U.S. reviews policies that led to recruitment of Wahabi chaplains

Sunday, September 28, 2003

The United States has launched a review of the recruitment of Saudi-supported Wahabi clerics to serve as chaplains in the U.S. military.

The Defense Department ordered the review in wake of the arrest of a Muslim chaplain earlier this month on charges of espionage. Capt. James Yee was accused of seizing classified files on Al Qaida and Taliban detainees at the U.S. Navy base in Guantanamo Bay, Cuba.

Officials said the Pentagon review will focus on how the U.S. military recruits Muslim chaplains. They said many of the Muslim applicants were trained in Saudi-financed institutions in the United States.

The Pentagon has authorized the American Armed Forces and Veterans Affairs Council and the Islamic Society of North America to endorse applicants for the position of Muslim chaplain in the U.S. military, Middle East Newsline reported. Most the chaplains approved by the society have been trained at the Graduate School of Islamic and Social Studies in Leesburg, Va.

In 2002, federal agents raided both the council and school on suspicion that they were linked to Al Qaida. Neither institution has been formally charged.

Two leading U.S. senators said they would hold hearings on whether Saudi-financed Wahabi clerics have infiltrated the U.S. military. Sen. Jon Kyl, chairman of the Senate Judiciary subcommittee on terrorism, technology and homeland security, and Sen. Charles Schumer, a New York Democrat, have criticized the Pentagon for its accreditation process.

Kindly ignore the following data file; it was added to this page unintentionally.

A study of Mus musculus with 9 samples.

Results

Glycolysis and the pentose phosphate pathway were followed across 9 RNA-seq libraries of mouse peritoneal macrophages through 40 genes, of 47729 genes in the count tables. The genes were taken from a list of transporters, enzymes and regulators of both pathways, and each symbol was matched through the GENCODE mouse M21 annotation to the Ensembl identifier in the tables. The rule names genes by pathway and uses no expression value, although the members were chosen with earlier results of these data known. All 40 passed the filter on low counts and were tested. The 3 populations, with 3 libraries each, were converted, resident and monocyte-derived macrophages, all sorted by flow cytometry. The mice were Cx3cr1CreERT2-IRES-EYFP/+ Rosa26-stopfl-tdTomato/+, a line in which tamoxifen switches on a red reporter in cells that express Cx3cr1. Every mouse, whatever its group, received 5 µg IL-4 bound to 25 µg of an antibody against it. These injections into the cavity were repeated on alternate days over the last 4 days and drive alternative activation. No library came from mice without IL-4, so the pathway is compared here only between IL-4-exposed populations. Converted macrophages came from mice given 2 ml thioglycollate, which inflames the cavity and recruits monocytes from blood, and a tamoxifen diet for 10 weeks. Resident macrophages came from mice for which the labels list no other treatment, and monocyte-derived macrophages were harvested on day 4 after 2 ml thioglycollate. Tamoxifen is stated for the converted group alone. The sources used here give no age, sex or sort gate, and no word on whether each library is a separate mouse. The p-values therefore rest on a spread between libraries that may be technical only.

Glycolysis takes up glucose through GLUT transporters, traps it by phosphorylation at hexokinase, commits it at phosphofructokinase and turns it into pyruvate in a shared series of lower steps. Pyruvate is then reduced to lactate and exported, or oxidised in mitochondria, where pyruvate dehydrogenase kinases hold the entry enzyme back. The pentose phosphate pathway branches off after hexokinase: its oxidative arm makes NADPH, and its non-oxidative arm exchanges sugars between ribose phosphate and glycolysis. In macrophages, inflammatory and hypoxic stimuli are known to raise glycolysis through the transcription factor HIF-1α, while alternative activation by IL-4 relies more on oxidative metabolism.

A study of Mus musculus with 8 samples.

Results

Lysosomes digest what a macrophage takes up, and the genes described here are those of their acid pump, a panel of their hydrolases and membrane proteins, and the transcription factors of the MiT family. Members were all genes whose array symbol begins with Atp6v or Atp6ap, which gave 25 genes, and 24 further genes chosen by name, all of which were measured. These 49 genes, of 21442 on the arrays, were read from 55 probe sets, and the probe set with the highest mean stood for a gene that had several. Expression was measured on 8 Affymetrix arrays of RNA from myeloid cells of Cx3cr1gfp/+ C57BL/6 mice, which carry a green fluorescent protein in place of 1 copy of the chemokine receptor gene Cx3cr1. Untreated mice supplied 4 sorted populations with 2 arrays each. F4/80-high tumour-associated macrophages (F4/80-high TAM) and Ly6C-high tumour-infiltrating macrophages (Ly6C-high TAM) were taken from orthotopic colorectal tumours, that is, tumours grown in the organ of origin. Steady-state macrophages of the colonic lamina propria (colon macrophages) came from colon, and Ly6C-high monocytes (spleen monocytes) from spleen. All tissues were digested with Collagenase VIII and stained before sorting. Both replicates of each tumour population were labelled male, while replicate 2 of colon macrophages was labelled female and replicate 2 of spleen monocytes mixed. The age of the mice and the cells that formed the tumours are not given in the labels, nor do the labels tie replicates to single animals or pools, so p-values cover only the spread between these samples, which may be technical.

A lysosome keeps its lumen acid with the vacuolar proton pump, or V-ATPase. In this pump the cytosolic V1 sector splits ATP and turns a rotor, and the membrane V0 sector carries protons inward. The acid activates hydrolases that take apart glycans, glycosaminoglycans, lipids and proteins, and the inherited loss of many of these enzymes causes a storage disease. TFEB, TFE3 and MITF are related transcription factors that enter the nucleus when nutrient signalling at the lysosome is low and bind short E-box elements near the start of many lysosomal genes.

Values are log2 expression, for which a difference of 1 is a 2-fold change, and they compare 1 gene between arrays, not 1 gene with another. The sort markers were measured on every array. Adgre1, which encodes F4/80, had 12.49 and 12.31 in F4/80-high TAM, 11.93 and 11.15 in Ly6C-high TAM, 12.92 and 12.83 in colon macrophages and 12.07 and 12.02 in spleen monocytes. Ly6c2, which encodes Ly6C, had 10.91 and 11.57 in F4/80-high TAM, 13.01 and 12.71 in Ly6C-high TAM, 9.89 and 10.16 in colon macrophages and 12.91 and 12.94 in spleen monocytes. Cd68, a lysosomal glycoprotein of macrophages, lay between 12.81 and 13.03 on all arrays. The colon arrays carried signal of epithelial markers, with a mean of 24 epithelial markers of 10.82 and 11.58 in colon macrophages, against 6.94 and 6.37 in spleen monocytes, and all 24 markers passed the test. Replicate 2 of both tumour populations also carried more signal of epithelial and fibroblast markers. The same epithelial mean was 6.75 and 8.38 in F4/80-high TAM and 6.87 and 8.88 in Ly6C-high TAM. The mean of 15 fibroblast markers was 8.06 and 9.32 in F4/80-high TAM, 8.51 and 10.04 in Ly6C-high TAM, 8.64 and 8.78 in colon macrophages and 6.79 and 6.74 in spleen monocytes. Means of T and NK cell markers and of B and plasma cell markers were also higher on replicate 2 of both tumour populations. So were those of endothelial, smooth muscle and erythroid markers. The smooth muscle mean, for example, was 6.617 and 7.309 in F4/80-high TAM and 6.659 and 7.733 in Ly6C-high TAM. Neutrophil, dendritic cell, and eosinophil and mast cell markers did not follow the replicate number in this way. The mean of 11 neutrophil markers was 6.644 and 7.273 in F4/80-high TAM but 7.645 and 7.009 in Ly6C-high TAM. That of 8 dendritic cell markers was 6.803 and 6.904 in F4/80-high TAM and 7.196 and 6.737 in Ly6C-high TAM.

"My subcommittee is continuing to examine what is clearly an ongoing and systematic effort by the radical Wahabi sect to infiltrate and recruit terrorists within the United States, focusing primarily on chaplains in the prison systems and in the U.S. military," Kyl said. "There is a real lack of understanding in this country of who the enemy is. It is remarkable that people who have known connections to terrorism are the only people to approve these chaplains."

Kyl said the hearing on Oct. 14 will seek to determine who designated the Islamic groups to approve chaplains for the military. About a dozen Muslim chaplains are on active duty and minister to an estimated 4,200 Muslim military personel.

Before Yee's arrest, the U.S. military detained Senior Airman Ahmad Al Halabi on charges of spying for Syria. Court documents submitted by the air force assert that Al Halabi, an Arabic translator for Al Qaida detainees, was under investigation in connection with what was termed "suspicious activities" during an earlier stint in Kuwait and the United States.

Pentagon officials said they did not know why Al Halabi was later approved for duty at Guantanamo.